A UNIQUE CASE OF ANTINEUTROPHIL CYTOPLASMIC ANTIBODY ASSOCIATED CRESCENTIC GLOMERULONEPHRITIS WITH MEMBRANOUS NEPHROPATHY IN A PATIENT WITH HASHIMOTO’S THYROIDITIS

T SOE1, S CHERIAN1,2, B PAWAR1, D FERNANDES1, S NAYAR1, P GEORGE1, S THOMAS1
1Department of Nephrology, Alice Springs Hospital, Alice Springs, Australia, 2Department of Nephrology, Royal Darwin Hospital, Darwin, Australia

Background: It has been known that there is an association between renal glomerular diseases and autoimmune thyroiditis. However, the coexistence of antineutrophil cytoplasmic antibody (ANCA)-associated glomerulonephritis and membranous nephropathy (MN) in such patients is rare.
Case report: A 61-year-old Caucasian man presented with microscopic haematuria and new onset renal impairment, which was preceded by a flu like illness. His past medical history included Hashimoto’s thyroiditis, renal calculi, hypertension and obesity. At presentation, his serum creatinine was 151 micromol/L and urine albumin creatinine ratio (ACR) was 200 mg/mmol. Serum ANCA was positive and myeloperoxidase titre was >80 AI (ref: <1 AI). Other glomerulonephritis serology including anti-glomerular basement membrane antibody and anti-dsDNA were negative. Thyroid stimulating hormone was 13.9 mU/L, with anti-thyroperoxidase antibody of 225 IU/mL and antithyroglobulin of 660kU/L. Renal biopsy showed focal segmental necrotising crescentic lesions in 36% of the glomeruli with minimal scarring in 10% of the interstitium. Immunofluorescence was strongly positive for granular pattern distribution of IgG. There were epimembranous deposits correlating with stage 1 membranous nephropathy in electron microscopy. Circulating anti-phospholipase A2 receptor (PLA2R) antibody and PLA2R staining on renal biopsy were negative. Malignancy as a secondary cause of MN was excluded by negative CT chest, abdomen and gastrointestinal endoscopy. He received induction therapy with methylprednisolone for 3 days followed by oral prednisolone and Rituximab 375mg/m2 weekly for 4 weeks. At the end of five months, his serum creatinine was 136 micromol/L. Urinalysis showed no haematuria and urine ACR was 56.4 mg/mmol.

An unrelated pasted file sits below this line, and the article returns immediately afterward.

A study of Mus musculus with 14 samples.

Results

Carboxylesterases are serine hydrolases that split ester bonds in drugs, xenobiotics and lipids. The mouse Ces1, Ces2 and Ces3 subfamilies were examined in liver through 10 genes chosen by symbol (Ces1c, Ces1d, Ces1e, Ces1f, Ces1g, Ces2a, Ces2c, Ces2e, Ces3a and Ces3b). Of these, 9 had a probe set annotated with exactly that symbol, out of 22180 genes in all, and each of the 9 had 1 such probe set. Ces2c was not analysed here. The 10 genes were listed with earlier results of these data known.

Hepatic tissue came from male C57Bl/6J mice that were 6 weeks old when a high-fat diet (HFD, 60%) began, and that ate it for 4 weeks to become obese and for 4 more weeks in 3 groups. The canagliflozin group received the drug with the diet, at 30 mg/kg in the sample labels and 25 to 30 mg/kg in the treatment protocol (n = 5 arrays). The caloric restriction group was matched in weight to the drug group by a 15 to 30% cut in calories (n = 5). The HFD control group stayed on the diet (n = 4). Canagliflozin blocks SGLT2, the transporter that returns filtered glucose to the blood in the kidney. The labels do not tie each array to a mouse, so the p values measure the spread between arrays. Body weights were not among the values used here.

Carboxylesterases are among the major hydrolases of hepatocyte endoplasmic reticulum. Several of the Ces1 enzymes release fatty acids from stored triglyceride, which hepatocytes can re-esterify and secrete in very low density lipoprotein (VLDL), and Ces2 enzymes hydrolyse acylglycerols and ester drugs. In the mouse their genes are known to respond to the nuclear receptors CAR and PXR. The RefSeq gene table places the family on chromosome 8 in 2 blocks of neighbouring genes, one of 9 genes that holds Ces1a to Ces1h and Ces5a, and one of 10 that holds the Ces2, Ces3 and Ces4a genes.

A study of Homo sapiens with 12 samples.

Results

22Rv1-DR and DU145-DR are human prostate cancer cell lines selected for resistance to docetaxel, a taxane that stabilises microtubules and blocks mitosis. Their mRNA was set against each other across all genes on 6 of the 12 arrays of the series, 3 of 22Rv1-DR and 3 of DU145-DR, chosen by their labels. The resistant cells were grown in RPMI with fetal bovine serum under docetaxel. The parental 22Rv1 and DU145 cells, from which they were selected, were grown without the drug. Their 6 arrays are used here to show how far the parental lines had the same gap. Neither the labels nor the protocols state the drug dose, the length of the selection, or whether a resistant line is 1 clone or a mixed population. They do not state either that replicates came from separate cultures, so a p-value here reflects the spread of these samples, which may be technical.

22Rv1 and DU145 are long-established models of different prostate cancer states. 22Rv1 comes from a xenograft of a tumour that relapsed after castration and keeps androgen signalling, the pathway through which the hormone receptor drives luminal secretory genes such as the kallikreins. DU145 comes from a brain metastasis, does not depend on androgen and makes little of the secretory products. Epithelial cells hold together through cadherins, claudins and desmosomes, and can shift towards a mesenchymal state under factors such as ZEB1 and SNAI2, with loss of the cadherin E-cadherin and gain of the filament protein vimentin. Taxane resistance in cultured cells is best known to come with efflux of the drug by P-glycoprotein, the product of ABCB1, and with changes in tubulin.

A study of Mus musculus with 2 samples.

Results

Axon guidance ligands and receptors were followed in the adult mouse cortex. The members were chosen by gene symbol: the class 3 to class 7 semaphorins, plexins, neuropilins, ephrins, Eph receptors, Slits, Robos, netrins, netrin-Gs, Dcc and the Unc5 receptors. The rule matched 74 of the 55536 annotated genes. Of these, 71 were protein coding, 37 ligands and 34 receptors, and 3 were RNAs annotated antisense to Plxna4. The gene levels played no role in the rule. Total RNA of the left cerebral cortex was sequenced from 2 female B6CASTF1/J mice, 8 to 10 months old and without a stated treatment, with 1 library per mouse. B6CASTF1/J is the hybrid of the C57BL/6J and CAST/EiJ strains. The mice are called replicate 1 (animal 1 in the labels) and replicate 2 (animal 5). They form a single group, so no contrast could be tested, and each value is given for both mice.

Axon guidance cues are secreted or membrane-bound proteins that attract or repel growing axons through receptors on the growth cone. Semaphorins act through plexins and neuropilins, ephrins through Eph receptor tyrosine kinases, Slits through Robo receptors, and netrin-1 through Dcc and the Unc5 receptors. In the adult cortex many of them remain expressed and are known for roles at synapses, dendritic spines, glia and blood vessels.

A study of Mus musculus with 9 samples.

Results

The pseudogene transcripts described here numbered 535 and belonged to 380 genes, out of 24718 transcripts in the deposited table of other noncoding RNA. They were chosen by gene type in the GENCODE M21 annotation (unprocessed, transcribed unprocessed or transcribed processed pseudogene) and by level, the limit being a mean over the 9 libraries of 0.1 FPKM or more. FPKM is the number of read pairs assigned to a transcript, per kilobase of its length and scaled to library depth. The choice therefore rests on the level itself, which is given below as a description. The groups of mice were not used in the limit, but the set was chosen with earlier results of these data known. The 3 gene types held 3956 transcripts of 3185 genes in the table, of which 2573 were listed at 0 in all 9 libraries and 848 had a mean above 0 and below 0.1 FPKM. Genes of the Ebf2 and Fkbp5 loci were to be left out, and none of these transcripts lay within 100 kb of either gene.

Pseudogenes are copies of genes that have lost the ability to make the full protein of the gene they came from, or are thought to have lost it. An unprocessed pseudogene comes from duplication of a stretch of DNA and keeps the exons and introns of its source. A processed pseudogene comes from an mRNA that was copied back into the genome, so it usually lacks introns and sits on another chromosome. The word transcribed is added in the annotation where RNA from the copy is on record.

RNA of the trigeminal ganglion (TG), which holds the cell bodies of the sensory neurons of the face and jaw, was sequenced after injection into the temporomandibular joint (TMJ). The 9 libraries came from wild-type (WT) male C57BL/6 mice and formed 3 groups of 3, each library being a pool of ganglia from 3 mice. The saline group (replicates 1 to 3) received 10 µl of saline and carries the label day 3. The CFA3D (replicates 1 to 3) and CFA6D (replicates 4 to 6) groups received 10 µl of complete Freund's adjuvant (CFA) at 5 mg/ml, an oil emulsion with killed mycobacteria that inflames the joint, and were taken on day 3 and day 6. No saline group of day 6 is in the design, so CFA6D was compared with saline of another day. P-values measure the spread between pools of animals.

Conclusion: To our knowledge, this is the first reported case of ANCA vasculitis with MN associated with Hashimoto’s thyroiditis, which was successfully treated with combination of steroid and Rituximab therapy.


Biography:
Thwe is a nephrology advanced trainee currently working at Fiona Stanley Hospital. This presentation is for the case which she encountered during her time at Alice Springs Hospital. She has the interest in autoimmune related glomerulonephritis.